20/20 #15 — Worth a thousand words: Good photo, bad photo, graphs & charts, etiquette, permissions

Taking photos

A picture may be worth a thousand words, but that’s only true for good pictures. A photograph is good for an article if it:

  • is clearly related to the subject matter
  • is an arresting visual image (kids and pets; close-ups; unusual point-of-view)
  • is in focus and frames the subject (you can do a lot with cropping and sharpening on-line)

Etiquette and permissions

Do you need to ask permission to take a photograph? Public places are fair game. Usually, there’s no legal requirement for permission, but it’s a matter of common courtesy. If you are taking a photo of a building, it is unlikely to object or have its feelings hurt. Ditto for a giraffe at the zoo. But if you are photographing, even in a public place, and an identifiable person is in the photo, you might consider getting permission.

One glaring exception to the rule: always get permission to use photos of children, preferably by getting written permission from a parental unit. (See attached permission form.) Schools often have permission forms on file and know which children can be photographed.

Finding photos

Sometimes you don’t have a camera. Sometimes you can’t get a good photo. You may still be able to get a photo by getting a photo from your subject or by going on-line. Use photos that are in the public domain or get permission. Some on-line possibilities:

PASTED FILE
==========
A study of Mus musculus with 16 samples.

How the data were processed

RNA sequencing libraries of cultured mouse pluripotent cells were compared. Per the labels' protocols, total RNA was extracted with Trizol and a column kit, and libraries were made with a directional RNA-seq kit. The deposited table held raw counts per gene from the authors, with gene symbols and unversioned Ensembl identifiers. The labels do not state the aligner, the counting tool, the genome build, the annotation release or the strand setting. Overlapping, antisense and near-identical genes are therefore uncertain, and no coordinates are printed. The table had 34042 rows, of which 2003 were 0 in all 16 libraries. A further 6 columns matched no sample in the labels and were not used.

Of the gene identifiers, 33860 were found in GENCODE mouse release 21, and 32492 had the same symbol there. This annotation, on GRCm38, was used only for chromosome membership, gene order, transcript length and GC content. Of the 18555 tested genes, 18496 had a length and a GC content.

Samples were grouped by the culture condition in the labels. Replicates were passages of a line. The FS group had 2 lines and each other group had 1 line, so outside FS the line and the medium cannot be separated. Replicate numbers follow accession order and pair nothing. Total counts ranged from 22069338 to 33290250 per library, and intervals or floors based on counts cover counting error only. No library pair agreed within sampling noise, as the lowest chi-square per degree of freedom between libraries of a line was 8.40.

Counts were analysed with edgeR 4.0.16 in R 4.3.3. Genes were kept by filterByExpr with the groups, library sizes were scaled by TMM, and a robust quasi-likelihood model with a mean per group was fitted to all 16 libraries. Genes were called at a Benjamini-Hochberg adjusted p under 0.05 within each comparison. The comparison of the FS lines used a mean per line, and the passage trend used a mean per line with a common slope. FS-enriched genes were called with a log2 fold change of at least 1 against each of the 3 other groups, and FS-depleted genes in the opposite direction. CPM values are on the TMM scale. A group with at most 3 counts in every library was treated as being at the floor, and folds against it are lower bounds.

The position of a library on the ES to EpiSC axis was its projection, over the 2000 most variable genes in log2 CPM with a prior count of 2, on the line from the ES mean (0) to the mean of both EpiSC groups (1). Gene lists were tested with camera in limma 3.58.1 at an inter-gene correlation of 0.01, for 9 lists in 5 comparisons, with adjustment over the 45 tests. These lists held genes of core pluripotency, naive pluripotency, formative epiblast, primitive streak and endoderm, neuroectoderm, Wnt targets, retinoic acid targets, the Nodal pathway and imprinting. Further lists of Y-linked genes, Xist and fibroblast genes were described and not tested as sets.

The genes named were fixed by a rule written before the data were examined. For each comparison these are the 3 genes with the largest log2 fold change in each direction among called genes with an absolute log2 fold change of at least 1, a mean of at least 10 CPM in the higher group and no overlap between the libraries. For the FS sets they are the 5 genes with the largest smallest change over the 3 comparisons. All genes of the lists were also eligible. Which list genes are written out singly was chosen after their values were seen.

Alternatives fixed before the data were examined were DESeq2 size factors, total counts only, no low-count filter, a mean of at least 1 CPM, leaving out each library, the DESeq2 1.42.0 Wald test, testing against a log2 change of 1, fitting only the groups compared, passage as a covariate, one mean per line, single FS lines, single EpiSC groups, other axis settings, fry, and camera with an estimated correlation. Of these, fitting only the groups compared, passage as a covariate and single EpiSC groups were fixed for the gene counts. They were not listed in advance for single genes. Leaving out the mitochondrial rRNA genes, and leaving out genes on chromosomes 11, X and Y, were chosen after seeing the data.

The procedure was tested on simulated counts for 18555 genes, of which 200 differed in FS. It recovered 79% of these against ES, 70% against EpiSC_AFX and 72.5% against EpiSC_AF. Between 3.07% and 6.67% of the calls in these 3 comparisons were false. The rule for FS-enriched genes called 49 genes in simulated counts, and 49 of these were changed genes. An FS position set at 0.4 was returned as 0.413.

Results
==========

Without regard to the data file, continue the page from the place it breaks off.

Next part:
• websites of organizations, agencies, businesses – may have photos of their work or, as a last resort, a logo
  • politicians’ websites — almost always have good head shots of the politician, and they almost always want their photo published widely
  • artists and musicians – may have websites or MySpace pages
  • Flickr and Creative Commons — search for photos by subject, date, place, and check the permission status by clicking on “Some rights reserved” under “Additional information” on the lower right column.

Copyright and Creative Commons

Photographers own their work, and we need permission to publish it. Copyright laws protect work from being used. Creative Commons is a form of sharing the copyright license that allows wider public use.

Even if a photo is available for use through Creative Commons sharing, you need to give credit to the photographer by linking to the page where it is displayed and citing the license.

Example: Photo by <a href=”http://flickr.com/photos/dwallick/3066495733/”>dgwallick</a>, published under <a href=”http://creativecommons.org/licenses/by-nc-sa/2.0/deed.en”>Creative Commons license.</a>

Graphs and charts

Sometimes graphic art can add more to the story than photos. Excel spreadsheets offer simple ways to create graphs and charts. With some advance notice, we may be able to get a graphic artist to create other illustrations.

Keeping your editor happy

  • Send artwork by email, and keep the files reasonable in size
  • If you don’t have a photo, think about what might work, and make a suggestion.
  • ALWAYS send the photographer’s name, the names of any people in the photo, and a suggested cutline.

Questions for discussion:

1) What kind of artwork would you use to illustrate a story on

  • budget cuts?
  • economic stimulus?
  • Central Corridor?
  • health care plan?

2) What is an example of a story for which you might use a graph or chart as an illustration?

3) What other kinds of art work could you use in stories?